In French, mélusine is a noun with two different meanings. The first one refers to a mermaid picture in heraldry representations; it exists in other languages (the Catalan melusina, for instance). The other one refers to a type of felt, common in hat making.
The word is not a dark one since it appears in the big general French dictionaries (Académie, Larousse, Petit Robert). The Académie dictionary and the Larousse dictionary are available online. My Petit Robert (1993 edition) has the word (page 1380, second column, between melting-pot and membranaire) but the online free edition doesn't offer the word (perhaps it is in the subscription part).
I agree with you that if the person asking was an English speaker, it is probably that she doesn't understand the IPA transcription, which seems to be ignored in the English speaking countries even among university students; obviously, that is generally speaking and reasserted by my own experience in online boards, with American students in academic stages in Europe and with American (and some British) English dictionaries.
But I strongly disagree with you on the supposition that: "I think its safe to say that most people in the world would be utterly confused with the pronunciation of mely'zine if they never took a phonetics or linguistics course."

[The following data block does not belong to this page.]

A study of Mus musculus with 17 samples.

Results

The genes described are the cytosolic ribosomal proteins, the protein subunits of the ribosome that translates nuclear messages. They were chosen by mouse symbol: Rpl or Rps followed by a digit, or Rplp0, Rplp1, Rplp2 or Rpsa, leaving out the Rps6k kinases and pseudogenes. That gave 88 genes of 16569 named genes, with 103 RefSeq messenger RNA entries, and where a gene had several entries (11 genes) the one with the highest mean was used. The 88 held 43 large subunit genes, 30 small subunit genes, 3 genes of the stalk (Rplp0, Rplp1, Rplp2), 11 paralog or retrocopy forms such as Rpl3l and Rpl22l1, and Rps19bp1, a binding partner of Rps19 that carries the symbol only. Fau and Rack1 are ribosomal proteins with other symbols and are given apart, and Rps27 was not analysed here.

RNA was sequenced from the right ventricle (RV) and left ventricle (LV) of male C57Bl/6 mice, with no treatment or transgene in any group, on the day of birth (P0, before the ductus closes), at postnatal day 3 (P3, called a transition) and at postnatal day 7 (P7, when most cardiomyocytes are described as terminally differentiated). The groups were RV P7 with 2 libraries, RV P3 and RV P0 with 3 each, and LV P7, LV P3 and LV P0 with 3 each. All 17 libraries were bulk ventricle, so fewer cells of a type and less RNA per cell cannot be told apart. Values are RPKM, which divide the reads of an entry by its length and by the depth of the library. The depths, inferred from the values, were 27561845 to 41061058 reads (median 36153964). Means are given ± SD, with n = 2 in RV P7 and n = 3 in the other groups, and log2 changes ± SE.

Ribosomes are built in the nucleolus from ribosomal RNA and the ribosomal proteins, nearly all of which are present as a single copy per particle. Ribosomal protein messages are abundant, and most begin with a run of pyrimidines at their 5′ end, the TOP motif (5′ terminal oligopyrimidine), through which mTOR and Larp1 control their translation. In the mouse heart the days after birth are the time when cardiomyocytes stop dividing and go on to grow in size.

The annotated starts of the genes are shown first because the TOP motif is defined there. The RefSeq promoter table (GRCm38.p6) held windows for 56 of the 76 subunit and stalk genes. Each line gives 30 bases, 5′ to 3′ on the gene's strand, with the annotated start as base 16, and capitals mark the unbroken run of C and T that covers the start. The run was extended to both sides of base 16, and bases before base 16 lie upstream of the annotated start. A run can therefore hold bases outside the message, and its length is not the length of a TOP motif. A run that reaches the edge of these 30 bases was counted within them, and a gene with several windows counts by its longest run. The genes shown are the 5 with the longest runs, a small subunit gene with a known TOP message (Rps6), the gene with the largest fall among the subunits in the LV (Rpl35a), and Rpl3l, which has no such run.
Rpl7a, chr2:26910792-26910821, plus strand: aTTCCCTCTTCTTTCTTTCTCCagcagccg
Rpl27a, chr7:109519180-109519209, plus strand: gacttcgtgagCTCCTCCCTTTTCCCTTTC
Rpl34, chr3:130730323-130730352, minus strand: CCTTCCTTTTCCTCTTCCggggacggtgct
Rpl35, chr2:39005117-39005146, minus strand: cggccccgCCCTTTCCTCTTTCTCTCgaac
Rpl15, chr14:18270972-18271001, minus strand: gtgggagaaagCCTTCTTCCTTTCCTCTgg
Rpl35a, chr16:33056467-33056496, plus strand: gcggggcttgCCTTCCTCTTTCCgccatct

First at all, the knowledge of some rudiments of IPA symbols is expected in some countries for high school students in relation with the sounds of their languages and these symbols appear at least in exercises working on phonetics and orthography. For example, this is the case of France (as you know if you have studied there) and of Catalonia, where in the university entrance examination the students are asked to transcript (or to interpret the transcription) a word or a short syntagm. And the IPA transcriptions are common in dictionaries that include some type of phonetic indication, as Le Petit Robert or the Duden Lexikon der Vornamen, by Kholheim, which are not directed to linguistics or phonetics students but to the big audience.
Second, and most important, the pronunciation [mely'zin] will not utterly confuse most people in the world. The speakers of Romance languages, Basque and a lot of other languages will not be confused at all by the E and the I, on the contrary (because in their languages E represents, at least in some contexts, [e] and I represents [i]); the only confusion will be with the Y, which will be read as [i] for Romance speakers, for example, but this sound is closer to [y] that [ju] or [u] are ([ju] or [u], and variants, are the sounds that an English speaker will produce reading LEW, the transcription that you proposed).
That is, the utterly confused people will be the English speakers because of the Great Vowel Shift but I can assure you that any speaker of a Romance language or Basque (I don't have enough knowledge of other languages to extent my affirmation) is utterly confused by the English pronunciation respelling: AY will be pronounced [aj] (or [ej] by a French), EE will be pronounced [ee] and EW will be pronounced [ew], that is [majlew'zeen].